Time Warner confirmed yesterday that it will spin off AOL as a stand-alone public company at the end of the year. So endeth one of the more notable chapters in the history of the Internet, so far.
What can be said about this AOL/Time Warner experiment? Well, it didn't work. Could it have worked? Perhaps, but it was sabotaged by arrogance and mistrust on both sides from the beginning. Ambitious combinations such as AOL and Time Warner don't always fail because the strategic concepts are ill-conceived; they fail because of jealous rivalries and pedestrian concerns at the grassroots -- essentially, turf wars. In that regard, I am very interested to see the scything motion that Tim Armstrong has been using since assuming control of AOL. It may imply that he recognizes the first order of business is to cut-out the entrenched positions that have been holding-up the successful integration of AOL acquisitions and, hence, its business. It could also mean that he's layering in Google's entrenched positions, which will make for a very complex business environment at AOL, indeed.
But, could AOL and Time Warner have ever worked as a combo if human entanglements had not confounded it? Recall that at the time the merger took place AOL was still largely a gated content community. In that respect, AOL looked more like Time Warner than it does today. All its life, in fact, AOL -- along with most other early Internet players -- had probably dreamed of growing-up to be just like Time Warner, though digital. AOL saw in Time Warner all of its ambitions as a child. Time Warner, in return, saw in AOL its legacy and someone to care for it in old age. As media faithful, AOL and Time Warner shared a similar creed when they merged in 2000 and 2001.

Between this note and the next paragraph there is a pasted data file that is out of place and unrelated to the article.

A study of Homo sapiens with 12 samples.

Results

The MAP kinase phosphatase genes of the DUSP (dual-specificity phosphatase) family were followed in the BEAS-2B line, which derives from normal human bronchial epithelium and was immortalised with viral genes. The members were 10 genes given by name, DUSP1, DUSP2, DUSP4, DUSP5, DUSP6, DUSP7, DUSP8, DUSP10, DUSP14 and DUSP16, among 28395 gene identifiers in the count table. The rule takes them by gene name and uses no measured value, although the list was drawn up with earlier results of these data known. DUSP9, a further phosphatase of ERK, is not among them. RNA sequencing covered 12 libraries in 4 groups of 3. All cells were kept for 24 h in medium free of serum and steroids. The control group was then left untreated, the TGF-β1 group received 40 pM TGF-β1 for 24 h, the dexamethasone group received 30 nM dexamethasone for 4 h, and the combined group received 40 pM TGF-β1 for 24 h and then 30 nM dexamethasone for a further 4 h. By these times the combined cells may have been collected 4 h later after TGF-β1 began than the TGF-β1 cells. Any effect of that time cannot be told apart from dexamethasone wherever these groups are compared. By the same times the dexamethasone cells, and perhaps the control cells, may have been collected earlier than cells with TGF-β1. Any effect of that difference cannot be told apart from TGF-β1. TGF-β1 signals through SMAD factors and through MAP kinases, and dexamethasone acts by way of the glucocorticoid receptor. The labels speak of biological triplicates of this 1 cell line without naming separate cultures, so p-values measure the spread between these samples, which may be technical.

If faith in the established media order of the time were to have been rewarded then, yes, perhaps AOL Time Warner might have succeeded in overcoming the usual obstacles of smashing businesses together and, today, represent the standard that currently belongs to Google. But faith in old media models -- gated communities -- has not been rewarded, at least to the extent that those models should prevail over others.
AOL, ironically, had nothing to teach Time Warner at the time they merged. It wanted too much to be Time Warner (and no one inside that organization was going to let it). It's different, today, and AOL probably has very much it could teach Time Warner; but the listening stopped long ago.
It is a good thing for both sides that this experiment has, thus, come to an end, and it may be a good thing for the media world generally to have AOL back grazing on the digital side of the fence, a somewhat older and wiser, senior member of the herd. The grass is green enough on our side of the fence and, ultimately, as the song goes, there is no place like the green, green grass of home.